Downgrades Come Easy, Upgrades Come Hard, Upgrades to AAA? — Forget It.

We’re not quite to the endgame yet, but the jig is up for MBIA and Ambac, after the downgrades from Moody’s at the holding companies to Baa2 and A3 respectively.  Wait, why I am I mentioning the holding companies?  Isn’t it the operating subsidiaries that matter?

Well, yes, for sales and regulatory purposes, but the ratings at the holding companies matter for a different reason — notching.  But let me tell a story first.

Failure improves markets by introducing risk-based pricing.  In the late 80s and very early 90s, virtually all of the life insurance industry was rated AAA/Aaa, or A+ from A.M. Best.  Taking advantage of the good opinion that the raters had of the industry, many life insurance companies issued Guaranteed Investment Contracts [GICs] to institutions for their Defined Benefit and Defined Contribution pension plans.  The insurance companies levered up issued AAA liabilities, and invested the proceeds in lower rated bonds, commercial mortgages, limited partnerships, and other things yet more risky.  (These were the days prior to risk-based capital.)

After a few failures hit — Pacific Standard (who?), Executive Life, Mutual Benefit, Fidelity Mutual, Confederation, and the near miss on the Equitable (what a story — I was on AIG’s failed takeover attempt team), the rating agencies went into full scale defense mode, downgrading every company in sight.  It was everything a company could do to retain its ratings — and there were almost no ratings upgrades until 1996 or so.

The rating agencies are ratchets. (or, do I mean rackets? 😉 )  Downgrades come easily, upgrades come hard, and almost no corporate credit ever gets upgraded to AAA.  But, in this case, the downgrades have come for this industry in the way that I predicted earlier this year:


David Merkel
Moody’s Downgrades XL Capital Assurance
2/7/2008 3:34 PM EST

When the main rating agencies begin downgrading the lesser guarantors, the big guarantors are likely not far behind. Moody’s just downgraded XL Capital Assurance from Aaa to A3, and Security Capital Assurance From Aa3 to Baa3 (barely investment grade).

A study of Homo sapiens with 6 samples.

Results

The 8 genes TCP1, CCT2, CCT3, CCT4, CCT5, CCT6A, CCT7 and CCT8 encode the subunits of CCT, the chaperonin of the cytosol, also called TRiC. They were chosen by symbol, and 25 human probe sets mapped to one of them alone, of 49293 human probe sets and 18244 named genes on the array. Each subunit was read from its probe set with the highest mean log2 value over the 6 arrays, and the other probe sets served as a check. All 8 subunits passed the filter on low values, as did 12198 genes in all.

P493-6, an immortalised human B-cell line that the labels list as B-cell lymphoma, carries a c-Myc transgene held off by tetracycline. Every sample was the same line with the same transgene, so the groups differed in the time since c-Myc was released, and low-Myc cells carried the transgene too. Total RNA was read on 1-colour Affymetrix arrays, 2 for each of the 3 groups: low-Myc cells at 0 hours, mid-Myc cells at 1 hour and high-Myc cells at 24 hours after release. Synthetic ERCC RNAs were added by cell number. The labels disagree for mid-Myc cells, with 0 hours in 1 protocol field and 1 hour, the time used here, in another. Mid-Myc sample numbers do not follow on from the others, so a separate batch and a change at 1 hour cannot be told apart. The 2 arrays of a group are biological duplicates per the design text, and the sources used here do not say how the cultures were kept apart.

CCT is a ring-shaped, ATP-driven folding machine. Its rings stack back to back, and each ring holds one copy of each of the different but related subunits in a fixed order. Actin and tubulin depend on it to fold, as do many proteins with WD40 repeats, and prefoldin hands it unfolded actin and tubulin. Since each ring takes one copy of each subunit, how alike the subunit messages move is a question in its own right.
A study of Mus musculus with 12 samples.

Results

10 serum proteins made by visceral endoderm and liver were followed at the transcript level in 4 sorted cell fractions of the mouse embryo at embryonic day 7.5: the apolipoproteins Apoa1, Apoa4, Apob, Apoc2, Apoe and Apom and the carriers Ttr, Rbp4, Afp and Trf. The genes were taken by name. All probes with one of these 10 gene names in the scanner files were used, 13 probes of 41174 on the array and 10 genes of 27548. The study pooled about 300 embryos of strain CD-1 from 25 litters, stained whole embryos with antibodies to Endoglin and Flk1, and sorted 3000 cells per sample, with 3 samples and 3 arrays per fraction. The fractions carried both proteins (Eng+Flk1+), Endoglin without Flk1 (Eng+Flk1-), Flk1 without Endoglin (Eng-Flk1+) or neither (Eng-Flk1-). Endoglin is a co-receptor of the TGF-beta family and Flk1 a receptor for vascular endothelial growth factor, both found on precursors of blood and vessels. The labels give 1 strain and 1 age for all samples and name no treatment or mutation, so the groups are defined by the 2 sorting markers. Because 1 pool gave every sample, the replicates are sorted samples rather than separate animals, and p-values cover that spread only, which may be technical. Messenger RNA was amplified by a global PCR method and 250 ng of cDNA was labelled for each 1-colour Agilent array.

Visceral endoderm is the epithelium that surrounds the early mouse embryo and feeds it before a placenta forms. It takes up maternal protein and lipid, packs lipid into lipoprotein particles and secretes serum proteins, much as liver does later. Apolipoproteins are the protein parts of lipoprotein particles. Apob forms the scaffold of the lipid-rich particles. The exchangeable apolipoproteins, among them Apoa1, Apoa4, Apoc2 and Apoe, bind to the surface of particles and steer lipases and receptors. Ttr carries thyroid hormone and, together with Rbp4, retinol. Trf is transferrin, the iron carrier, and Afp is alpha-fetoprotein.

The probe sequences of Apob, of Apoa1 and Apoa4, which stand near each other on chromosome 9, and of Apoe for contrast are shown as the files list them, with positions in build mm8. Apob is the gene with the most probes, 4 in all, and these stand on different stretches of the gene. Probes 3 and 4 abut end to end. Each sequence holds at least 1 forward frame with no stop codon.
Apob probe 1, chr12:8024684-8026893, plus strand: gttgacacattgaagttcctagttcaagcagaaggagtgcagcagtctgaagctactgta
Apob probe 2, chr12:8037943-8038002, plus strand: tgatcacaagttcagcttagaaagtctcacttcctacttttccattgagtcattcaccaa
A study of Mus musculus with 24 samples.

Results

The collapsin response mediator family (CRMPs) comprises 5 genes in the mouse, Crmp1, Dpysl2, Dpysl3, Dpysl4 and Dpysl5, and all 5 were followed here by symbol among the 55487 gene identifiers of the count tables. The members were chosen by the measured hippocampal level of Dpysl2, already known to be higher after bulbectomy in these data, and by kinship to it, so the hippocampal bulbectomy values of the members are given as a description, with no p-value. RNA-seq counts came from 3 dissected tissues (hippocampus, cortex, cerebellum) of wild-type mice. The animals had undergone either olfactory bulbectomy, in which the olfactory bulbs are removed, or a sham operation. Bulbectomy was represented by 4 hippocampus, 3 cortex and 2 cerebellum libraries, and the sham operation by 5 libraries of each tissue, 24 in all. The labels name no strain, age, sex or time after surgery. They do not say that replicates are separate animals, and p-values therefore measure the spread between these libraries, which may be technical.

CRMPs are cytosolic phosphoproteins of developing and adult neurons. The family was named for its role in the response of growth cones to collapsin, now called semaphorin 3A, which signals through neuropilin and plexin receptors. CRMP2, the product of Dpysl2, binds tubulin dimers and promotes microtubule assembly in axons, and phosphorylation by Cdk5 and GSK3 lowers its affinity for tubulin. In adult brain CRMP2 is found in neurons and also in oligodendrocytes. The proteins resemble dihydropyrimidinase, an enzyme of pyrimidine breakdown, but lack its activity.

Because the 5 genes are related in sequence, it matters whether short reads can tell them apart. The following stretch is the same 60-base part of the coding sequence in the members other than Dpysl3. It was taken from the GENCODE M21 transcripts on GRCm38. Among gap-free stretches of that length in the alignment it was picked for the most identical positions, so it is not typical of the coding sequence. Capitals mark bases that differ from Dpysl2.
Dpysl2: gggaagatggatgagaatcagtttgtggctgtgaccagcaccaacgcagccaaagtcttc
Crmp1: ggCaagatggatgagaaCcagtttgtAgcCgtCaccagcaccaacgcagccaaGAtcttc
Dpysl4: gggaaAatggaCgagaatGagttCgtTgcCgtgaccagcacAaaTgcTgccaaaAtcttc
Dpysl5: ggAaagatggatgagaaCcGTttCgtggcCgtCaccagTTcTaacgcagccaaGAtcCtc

Psychologically, the major rating agencies, Moody’s and S&P, have been taking baby steps toward downgrading Ambac, MBIA and FGIC. But first they have to do the lesser guarantors that are in trouble. As I have pointed out before, the major rating agencies are co-dependent with the major guarantors, and that will only throw the guarantors over the edge if hurts them more to leave the guarantors at AAA. That will cost them future revenues to cut the ratings of the major guarantors, but it might save their larger franchises. (Fitch, on the other hand, has less to lose and can downgrade with impunity.)

Now, the effects on the broader insured bond market are probably overestimated. There will be new entrants to take the place of the legacy companies that may have to go into runoff. The holding companies for the major guarantors could die, but a rescue of the operating insurance companies in runoff mode is more likely. Those who own equity in the holding companies or debt claims to the holding companies will not be happy with the results, though.

Watch for downgrades of the major guarantors. Unless a lot of new capital gets pumped into their operating insurance companies, the downgrades are coming, maybe within a month.

Please note that due to factors including low market capitalization and/or insufficient public float, we consider Security Capital Assurance to be a small-cap stock. You should be aware that such stocks are subject to more risk than stocks of larger companies, including greater volatility, lower liquidity and less publicly available information, and that postings such as this one can have an effect on their stock prices.

Position: none

Once your insurance operating subsidiary is downgraded below AAA/Aaa, there are many classes of business that cannot be written anymore.  Revenue dries up.  What’s worse, is that the rating agencies no longer have any practical reason to not downgrade further; the revenue model is broken for the rating agencies, and if there are highly rated new entrants, there is no reason to care about the company; the industry will survive, and the rating agencies will get fees.

Now, supposedly, New York doesn’t want to take the operating subsidiaries into conservation because it would trigger acceleration clauses in the CDS.  If those contracts were written at the operating companies, the insurance commissioner has the power to nullify any seniority those contracts possess — you can’t favor one insurance claimant over another.

But Dinallo wants to favor municipal claimants, which is probably illegal.  They could force the capital into the operating company, but they would rather see the municipal business reinsured.

Oh, notching — once a holding company is rated lower than Aa3/AA-, there is no way to get a subsidiary to have a Aaa/AAA rating.  The rating agencies will not allow it to happen.

So, I don’t see good things ahead for the guarantors.  Two final notes: Ambac tells Fitch to take a hike.  Fitch won’t do it.  Expect a downgrade soon.  Triad goes into runoff; my old colleague John must be smiling… he always thought they wrote the worst business.